SanDisk Extreme II SSD Review


HotHardware Test System
Intel Core i7 and SSD Powered

Processor -

Motherboard -


Video Card -

Memory -

Audio -

Hard Drives -

 

Hardware Used:
Intel Core i7-2600K

Asus P8Z6-V Pro
(Z68 Chipset, AHCI Enabled)

NVIDIA GeForce GTX 285

4GB Kingston DDR3-1600

Integrated on board

WD Raptor 150GB (OS Drive)
Samsung SSD 830 (256GB)
OCZ Vertex 3 (200GB)
Corsair Force GT (240GB)
Crucial M4 (256GB)
Corsair Neutron (240GB)
Intel SSD 520 (240GB)
OCZ Vertex 4 (256GB)
SanDisk Extreme II (120, 240, 480GB)

OS -
Chipset Drivers -
DirectX -

Video Drivers
-


Relevant Software:
Windows 7 Ultimate SP1 x64
Intel 9.2.0.1030, iRST 10.5.1027
DirectX 11

NVIDIA GeForce 275.33

Benchmarks Used:
IOMeter 1.1.0 RC
HD Tune v4.61
ATTO v2.47
AS SSD
CrystalDiskMark v3.01 x64
PCMark 7
SiSoftware Sandra 2012

IOMeter
I/O Subsystem Measurement Tool

As we've noted in previous SSD articles, though IOMeter is clearly a well-respected industry standard drive benchmark, we're not completely comfortable with it for testing SSDs. The fact of the matter is, though our actual results with IOMeter appear to scale properly, it is debatable whether or not certain access patterns, as they are presented to and measured on an SSD, actually provide a valid example of real-world performance for the average end user. That said, we do think IOMeter is a reliable gauge for relative available throughput within a given storage solution. In addition there are certain higher-end workloads you can place on a drive with IOMeter, that you an't with most other storage benchmark tools available currently.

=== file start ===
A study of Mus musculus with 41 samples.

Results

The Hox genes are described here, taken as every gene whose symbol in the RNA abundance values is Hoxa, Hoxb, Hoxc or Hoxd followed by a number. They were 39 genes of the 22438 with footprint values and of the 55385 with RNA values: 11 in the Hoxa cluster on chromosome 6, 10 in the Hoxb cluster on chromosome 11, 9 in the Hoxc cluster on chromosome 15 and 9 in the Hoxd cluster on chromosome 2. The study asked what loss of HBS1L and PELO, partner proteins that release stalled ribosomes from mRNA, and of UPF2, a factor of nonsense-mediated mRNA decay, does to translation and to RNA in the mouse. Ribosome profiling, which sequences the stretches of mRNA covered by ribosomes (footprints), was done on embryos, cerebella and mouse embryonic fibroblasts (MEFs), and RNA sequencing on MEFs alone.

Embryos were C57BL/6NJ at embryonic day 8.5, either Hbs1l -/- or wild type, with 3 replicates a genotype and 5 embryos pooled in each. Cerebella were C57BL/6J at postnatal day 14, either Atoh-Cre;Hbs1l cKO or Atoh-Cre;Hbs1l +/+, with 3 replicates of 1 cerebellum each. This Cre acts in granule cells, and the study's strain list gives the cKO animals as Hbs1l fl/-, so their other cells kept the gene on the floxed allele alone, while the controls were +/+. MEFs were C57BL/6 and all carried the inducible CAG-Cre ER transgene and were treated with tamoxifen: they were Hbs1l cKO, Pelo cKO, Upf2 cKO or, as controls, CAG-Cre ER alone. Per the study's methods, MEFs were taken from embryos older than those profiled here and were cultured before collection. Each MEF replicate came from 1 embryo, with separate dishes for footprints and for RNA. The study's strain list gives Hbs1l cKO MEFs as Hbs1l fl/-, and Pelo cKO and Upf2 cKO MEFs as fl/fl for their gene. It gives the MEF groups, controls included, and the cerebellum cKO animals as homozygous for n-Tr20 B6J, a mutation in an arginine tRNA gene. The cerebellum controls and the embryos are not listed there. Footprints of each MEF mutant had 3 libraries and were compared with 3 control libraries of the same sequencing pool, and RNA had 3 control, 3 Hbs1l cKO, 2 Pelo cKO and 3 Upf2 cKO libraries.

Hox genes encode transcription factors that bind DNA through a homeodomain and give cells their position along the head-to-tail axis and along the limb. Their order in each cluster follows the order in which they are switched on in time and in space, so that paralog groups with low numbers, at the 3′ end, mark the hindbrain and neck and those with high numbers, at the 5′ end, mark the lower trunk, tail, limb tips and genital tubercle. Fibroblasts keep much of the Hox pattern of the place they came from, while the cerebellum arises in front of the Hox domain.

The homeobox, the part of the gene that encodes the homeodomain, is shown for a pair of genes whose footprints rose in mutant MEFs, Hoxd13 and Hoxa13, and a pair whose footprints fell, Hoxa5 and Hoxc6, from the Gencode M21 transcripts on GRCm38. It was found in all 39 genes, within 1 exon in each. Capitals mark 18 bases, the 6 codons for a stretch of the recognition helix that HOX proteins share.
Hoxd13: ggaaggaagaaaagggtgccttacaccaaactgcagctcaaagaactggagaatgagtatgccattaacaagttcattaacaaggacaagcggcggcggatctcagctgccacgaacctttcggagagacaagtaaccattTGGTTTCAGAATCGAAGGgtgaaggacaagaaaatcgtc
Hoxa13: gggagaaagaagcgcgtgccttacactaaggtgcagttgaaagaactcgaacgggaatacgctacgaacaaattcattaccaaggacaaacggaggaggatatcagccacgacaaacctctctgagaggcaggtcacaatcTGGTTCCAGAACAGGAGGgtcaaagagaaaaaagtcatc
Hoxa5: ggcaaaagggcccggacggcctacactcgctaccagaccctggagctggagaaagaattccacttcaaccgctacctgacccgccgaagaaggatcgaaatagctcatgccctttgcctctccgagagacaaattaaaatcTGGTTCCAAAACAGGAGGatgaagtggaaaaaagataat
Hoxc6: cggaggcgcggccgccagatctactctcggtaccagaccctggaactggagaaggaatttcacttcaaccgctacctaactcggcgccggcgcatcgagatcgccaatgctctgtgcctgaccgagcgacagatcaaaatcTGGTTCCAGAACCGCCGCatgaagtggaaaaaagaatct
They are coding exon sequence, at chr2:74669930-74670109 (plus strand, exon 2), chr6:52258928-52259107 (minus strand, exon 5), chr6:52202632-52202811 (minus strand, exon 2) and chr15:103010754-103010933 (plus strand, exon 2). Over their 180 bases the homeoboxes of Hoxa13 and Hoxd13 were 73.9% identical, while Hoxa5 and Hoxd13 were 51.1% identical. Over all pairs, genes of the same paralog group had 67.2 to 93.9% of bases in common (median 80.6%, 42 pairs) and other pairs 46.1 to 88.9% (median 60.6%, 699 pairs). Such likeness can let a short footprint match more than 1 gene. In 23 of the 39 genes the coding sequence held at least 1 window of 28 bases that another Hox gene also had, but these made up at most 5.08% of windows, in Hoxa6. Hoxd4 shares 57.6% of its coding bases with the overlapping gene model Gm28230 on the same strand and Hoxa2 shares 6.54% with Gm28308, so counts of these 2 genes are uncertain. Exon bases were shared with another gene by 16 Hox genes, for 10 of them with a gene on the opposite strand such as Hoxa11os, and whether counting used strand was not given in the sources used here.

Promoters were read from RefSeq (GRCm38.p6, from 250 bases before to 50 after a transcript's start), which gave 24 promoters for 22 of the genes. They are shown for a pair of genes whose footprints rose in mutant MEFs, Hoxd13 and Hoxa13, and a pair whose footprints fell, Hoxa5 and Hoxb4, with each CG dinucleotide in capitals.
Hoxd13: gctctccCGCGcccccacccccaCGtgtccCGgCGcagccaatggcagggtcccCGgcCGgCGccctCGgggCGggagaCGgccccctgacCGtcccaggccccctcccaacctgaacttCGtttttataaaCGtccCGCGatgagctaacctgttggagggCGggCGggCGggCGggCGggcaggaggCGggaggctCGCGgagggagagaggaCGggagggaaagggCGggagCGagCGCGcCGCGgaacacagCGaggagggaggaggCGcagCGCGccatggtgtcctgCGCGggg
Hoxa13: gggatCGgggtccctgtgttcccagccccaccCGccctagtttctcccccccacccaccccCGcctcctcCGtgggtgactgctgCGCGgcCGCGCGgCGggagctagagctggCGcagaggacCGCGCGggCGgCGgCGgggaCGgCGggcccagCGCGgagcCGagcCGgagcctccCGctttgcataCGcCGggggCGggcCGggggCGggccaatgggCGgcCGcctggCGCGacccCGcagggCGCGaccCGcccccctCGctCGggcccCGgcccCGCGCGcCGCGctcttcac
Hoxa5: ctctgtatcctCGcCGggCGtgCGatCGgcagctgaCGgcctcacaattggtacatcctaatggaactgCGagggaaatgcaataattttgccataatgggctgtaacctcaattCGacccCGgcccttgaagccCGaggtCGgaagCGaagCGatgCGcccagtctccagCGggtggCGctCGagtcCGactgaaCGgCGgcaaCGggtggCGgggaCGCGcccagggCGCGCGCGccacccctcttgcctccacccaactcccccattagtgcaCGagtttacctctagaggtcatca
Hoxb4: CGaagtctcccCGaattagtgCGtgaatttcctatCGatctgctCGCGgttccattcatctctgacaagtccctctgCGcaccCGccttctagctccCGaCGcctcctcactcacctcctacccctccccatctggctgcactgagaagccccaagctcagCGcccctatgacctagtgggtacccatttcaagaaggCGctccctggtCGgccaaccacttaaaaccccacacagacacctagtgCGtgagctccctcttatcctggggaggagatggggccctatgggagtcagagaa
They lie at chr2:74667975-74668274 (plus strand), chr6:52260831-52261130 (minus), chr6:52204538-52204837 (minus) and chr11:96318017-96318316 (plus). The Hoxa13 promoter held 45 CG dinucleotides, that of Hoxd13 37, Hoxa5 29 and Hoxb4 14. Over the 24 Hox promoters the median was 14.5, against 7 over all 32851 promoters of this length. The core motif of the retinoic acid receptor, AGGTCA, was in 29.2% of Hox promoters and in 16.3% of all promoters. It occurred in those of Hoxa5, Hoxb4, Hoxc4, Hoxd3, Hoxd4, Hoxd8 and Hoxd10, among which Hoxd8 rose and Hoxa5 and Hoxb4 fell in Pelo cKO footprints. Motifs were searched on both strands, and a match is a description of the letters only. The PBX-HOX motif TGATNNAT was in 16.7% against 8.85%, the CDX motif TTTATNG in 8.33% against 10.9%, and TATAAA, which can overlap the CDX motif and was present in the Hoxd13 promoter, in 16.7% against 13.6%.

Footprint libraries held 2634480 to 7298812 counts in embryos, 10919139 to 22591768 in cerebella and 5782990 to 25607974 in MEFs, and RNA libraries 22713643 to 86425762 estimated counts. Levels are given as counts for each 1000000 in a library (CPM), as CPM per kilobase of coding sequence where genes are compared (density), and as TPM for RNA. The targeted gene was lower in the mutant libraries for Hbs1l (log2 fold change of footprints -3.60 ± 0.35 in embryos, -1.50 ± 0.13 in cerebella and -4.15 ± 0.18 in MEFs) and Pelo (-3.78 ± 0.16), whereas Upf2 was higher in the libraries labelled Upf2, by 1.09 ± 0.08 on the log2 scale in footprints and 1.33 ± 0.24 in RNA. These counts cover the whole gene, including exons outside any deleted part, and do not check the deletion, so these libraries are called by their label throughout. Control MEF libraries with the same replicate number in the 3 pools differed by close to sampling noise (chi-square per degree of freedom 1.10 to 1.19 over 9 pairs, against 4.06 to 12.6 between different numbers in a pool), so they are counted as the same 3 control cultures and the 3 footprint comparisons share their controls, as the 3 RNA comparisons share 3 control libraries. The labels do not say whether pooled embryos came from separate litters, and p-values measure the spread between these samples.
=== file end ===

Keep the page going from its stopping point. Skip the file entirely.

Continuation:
In the following tables, we're showing two sets of access patterns; our custom Workstation pattern, with an 8K transfer size, 80% reads (20% writes) and 80% random (20% sequential) access and IOMeter's default access pattern of 2K transfers, 67% reads (34% writes) and 100% random access.

These SanDisk drives are tuned for consumer-class workloads, which shows in these IOMeter tests. The three Extreme II drives we tested trailed the rest of the pack in term of total IOPS, at all queue depths, with the sample patterns we used.

As you can probably guess after having looked at the two other charts above, transfer speeds with SanDisk's Extreme II SSDs  with the IOMeter test patterns we used also trailed the other drives.
 

Article Index:


Since no screenshots of the actual benchmarks of the drive being reviewed it's not easy to tell.

It would be nice if you used Anvil Storage Utilities as on of your benchmarking apps and post screenshots of both compressible and incompressible data.

Drives not reviewed while they are the boot drive IMO are completely useless to consumers.

Who buys an SSD and doesn't use it as their primary boot drive?